Posted 13 March 2017: the penultimate pre-publication version of my paper, ‘Pierre Duhem and Alistair Crombie Revisited: Or, How to Recover the Formative Role of Medieval Catholic Natural Philosophizing in the Rise of Modern Science’ Connor Court Quarterly No.5/6 December 2012, pp.167-182 The paper is an experiment in historiography. It explores what, if anything, can today be usefully retrieved from the Medieval-centric ‘continuist’ historiographies of the rise of Modern Science of Pierre Duhen and Alistair Crombie, by making use of my own preferred categories and approaches to the problem. The title page explains why and for whom it was written.
Posted 1 March 2017, as promised: John A.Schuster, ‘Did Descartes Teach a Philosophy of Science, or Implement Strategies of Natural Philosophical Explanation?’ in S. Gaukroger and C. Wilson (eds.) Descartes and Cartesianism: Essays in Honor of Desmond Clark (OUP), pp. 3-25. This paper is of interest to those interested in the Cartesian scholarship of Desmond Clarke, Gerd Buchdahl and others, and more particularly an exercise in dissecting Descartes’ working procedures in trying to systemize his natural philosophy, as compared to seeking to unearth the ‘philosophy of science’ that guided, or not, Descartes’ ‘science’. On Clarke, see also in the ‘Book Reviews’ Section my essay review of Clarke’s biography of Descartes.
Posted mid 2016
 final pre-publication version of J.A.Schuster, ‘The Pitfalls and Possibilities of Following Koyré: The Younger Tom Kuhn, ‘Critical Historian’, on Tradition Dynamics and Big History’, to appear in R.Pisano and J.Agassi [eds.] Hommage to Alexandre Koyré, 1964-2014, Springer, Dordrecht, to appear later in 2016.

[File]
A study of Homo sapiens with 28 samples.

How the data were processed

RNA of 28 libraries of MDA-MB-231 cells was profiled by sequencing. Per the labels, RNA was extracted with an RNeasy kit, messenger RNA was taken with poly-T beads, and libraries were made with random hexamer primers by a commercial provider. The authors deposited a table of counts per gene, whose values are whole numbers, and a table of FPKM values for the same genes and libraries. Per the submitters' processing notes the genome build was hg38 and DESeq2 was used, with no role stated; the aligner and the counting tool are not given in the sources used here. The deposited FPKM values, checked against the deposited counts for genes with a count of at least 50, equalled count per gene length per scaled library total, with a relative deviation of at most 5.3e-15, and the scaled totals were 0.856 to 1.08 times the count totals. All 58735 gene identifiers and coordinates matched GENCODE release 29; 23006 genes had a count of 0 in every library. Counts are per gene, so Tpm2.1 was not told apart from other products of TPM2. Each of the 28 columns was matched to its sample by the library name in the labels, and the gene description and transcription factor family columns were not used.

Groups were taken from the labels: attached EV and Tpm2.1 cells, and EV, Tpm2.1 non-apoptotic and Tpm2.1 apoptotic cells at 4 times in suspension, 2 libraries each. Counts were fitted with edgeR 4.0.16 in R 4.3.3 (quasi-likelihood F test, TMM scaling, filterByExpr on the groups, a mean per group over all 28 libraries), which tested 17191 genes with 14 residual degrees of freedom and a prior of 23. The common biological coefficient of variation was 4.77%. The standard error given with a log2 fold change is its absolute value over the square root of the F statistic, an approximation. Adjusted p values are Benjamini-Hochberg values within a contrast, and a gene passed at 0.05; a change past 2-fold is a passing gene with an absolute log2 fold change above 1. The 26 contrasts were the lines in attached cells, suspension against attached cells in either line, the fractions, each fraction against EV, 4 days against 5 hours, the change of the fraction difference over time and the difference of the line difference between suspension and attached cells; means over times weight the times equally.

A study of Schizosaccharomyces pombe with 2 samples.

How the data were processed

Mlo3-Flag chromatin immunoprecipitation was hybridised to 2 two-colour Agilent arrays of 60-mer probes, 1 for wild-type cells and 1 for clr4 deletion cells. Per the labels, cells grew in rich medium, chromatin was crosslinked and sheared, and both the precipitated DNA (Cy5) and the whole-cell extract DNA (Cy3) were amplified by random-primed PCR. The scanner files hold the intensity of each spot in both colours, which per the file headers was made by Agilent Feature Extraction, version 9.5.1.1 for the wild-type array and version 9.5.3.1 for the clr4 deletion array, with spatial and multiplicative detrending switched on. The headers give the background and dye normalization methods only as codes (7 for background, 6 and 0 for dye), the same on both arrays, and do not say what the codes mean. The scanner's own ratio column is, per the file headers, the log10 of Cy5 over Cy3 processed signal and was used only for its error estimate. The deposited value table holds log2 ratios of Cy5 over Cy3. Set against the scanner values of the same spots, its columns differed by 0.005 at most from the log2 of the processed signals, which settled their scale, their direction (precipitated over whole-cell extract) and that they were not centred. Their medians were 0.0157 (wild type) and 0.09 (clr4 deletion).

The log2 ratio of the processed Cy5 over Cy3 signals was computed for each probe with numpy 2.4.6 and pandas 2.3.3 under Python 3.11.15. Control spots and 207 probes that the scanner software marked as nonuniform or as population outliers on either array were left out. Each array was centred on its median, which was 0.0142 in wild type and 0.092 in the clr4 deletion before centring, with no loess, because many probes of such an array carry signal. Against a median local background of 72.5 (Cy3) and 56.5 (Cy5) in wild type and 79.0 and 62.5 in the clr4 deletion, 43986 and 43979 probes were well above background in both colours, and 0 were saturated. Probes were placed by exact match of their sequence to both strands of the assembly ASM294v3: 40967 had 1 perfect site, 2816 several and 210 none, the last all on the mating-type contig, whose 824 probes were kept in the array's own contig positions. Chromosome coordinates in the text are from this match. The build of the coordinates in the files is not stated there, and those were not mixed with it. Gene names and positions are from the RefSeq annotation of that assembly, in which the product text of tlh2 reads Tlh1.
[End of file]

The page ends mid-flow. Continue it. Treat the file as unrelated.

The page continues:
review essay of James Marcum, Thomas Kuhn’s Revolutions, which has appeared on line at Notre Dame Philosophical Reviews. This version is slightly longer than the NDPR version .
In November 2015 I was elected a Fellow in the Australian Academy of the Humanities. I am a member of two of its Sections: 'Philosophy and History of Ideas' and 'History'.
In May 2015, Descartes-agonistes was subject of a productive and to me encouraging session of the Princeton/Paris ‘Seminaire Descartes’. I thank Denis Kamboucher for inviting me. Dan Garber, Roger Ariew and Sophie Roux were the commentators. We all look forward to being able to discuss Descartes’ Regulae in more detail when the so-called Cambridge ms. is finally released from the halls of the illuminati, to be placed before the wider public, including the ‘outsider’ experts who would appreciate a look at it before another 388 years roll by.
I know of four insightful and intelligent reviews of Descartes-agonistes. Indeed they are the only reviews I have ever seen:
John Henry, ‘review of Descartes-Agonistes’, Intellectual History Review 2013: 23:4, 586-589,
Fokko Jan Dijksterhuis, ‘Reworking Descartes’ mathesis universalis’ Metascience 23(3) 2014: 613-618.
Maria Rosa Massa Esteve, ‘review of Descartes-Agonistes’, Zentralblatt MATH Database 1931-2014; vol 1279.
Emily Thomas, ‘review of Descartes-agonistes’ Annals of Science 73:1 (2016):112-114
The only exception is a recent, rather pointless if innocuous review in Isis 107:1 (2016): 265-266.
The Cambridge Descartes Lexicon (CUP) has now appeared. I have six articles in it, five of which appear in pre-publication form in the Research Section below.